While watching the opening ceremonies of the 2014 Winter Olympics, I was struck by the many similarities between a country’s Olympic team and a company’s employees. It might seem odd to draw that particular comparison, but let me explain and see if you also notice the correlation between the two.
At the Olympics, there are the individual competitors—highly skilled athletes who are striving to be the best in their chosen field. These people are dedicated to excelling at their specialty and work long hours to hone their skills. They dream of being recognized with a gold medal for their hard work, extraordinary skills, and achievements. Tell me that doesn’t describe many of the people in your company. You have skilled people working hard at their craft to receive the recognition that their hard work, skills, and achievements deserve. That might be a pat on the back, a company award, or a well-deserved raise or bonus, but these people are clearly driven to excel.
The Olympics also provides opportunities for team success. This winter, there are team competitions in hockey, curling, bobsledding, and more. In team sports, a group of individuals is brought together to achieve something that none of them could do alone. In many cases, those individuals have very specialized skill sets that allow them to contribute to the team’s success. Consider for a moment a hockey goalie, who in all likelihood won’t score a single goal during Olympic competition, but his team can’t win without a strong performance from him. He has a specific job to do, and doing it well is how he contributes to the team’s success.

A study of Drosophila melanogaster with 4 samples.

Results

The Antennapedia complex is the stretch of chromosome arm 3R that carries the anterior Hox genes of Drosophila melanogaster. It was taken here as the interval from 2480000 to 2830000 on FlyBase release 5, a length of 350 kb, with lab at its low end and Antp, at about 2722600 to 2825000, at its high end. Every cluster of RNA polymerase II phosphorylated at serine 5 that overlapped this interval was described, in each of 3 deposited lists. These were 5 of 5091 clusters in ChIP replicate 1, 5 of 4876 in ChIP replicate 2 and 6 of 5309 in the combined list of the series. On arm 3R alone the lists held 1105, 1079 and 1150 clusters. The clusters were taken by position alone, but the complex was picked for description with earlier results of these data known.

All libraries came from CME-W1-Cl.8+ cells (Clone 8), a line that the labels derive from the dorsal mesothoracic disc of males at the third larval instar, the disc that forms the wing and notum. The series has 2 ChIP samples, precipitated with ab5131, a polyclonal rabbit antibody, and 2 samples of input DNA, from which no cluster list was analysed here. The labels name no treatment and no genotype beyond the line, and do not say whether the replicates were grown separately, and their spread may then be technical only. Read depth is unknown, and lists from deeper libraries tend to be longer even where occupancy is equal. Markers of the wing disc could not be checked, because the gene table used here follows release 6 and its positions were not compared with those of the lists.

A great example of team success at the Olympics is the 1980 USA men’s hockey team. The team, featured in the 2004 movie Miracle, beat the heavily favored Soviet Union team to win the gold medal. In the movie, Herb Brooks, the team’s coach (played by Kurt Russell), says, “All-star teams fail because they rely solely on the individual’s talent. The Soviets win because they take that talent and use it inside a system that’s designed for the betterment of the team.”
There are specific teams within a company, each made up of individuals who have been brought together for a specific purpose. You have sales, production, HR—teams that are highly coordinated and might even have some real specialists on them. Like the Olympic teams, they’re brought together to achieve certain goals that would be unobtainable if each member was acting alone. And they’re all working within a system that is led by a manager who is assigned the task of helping the team reach its maximum potential.
Finally, each Olympian is competing for herself and, in some cases, her team. But every Olympian is also competing for her country. You can see the pride and emotion this elicits in many of the Olympians when they climb the podium to receive their gold medal, often draped in their country’s flag, and hear their national anthem played. There’s a certain amount of pride that comes from representing something larger than yourself and even your team.
The country, in this analogy, is the company. You want to create a company people are proud to work for. Every individual contributor might be working for himself, and he might also be working for the success of the team. But in the end, you really want him working for the company. If you can bring together a collection of individuals who are dedicated to their craft, are willing to play their designated role on the team, and are proud of the company they work for, then you’ve created something very special. That’s when your opportunities and achievements feel limitless! And that’s when you hear Al Michaels in the background screaming, “Do you believe in miracles?!”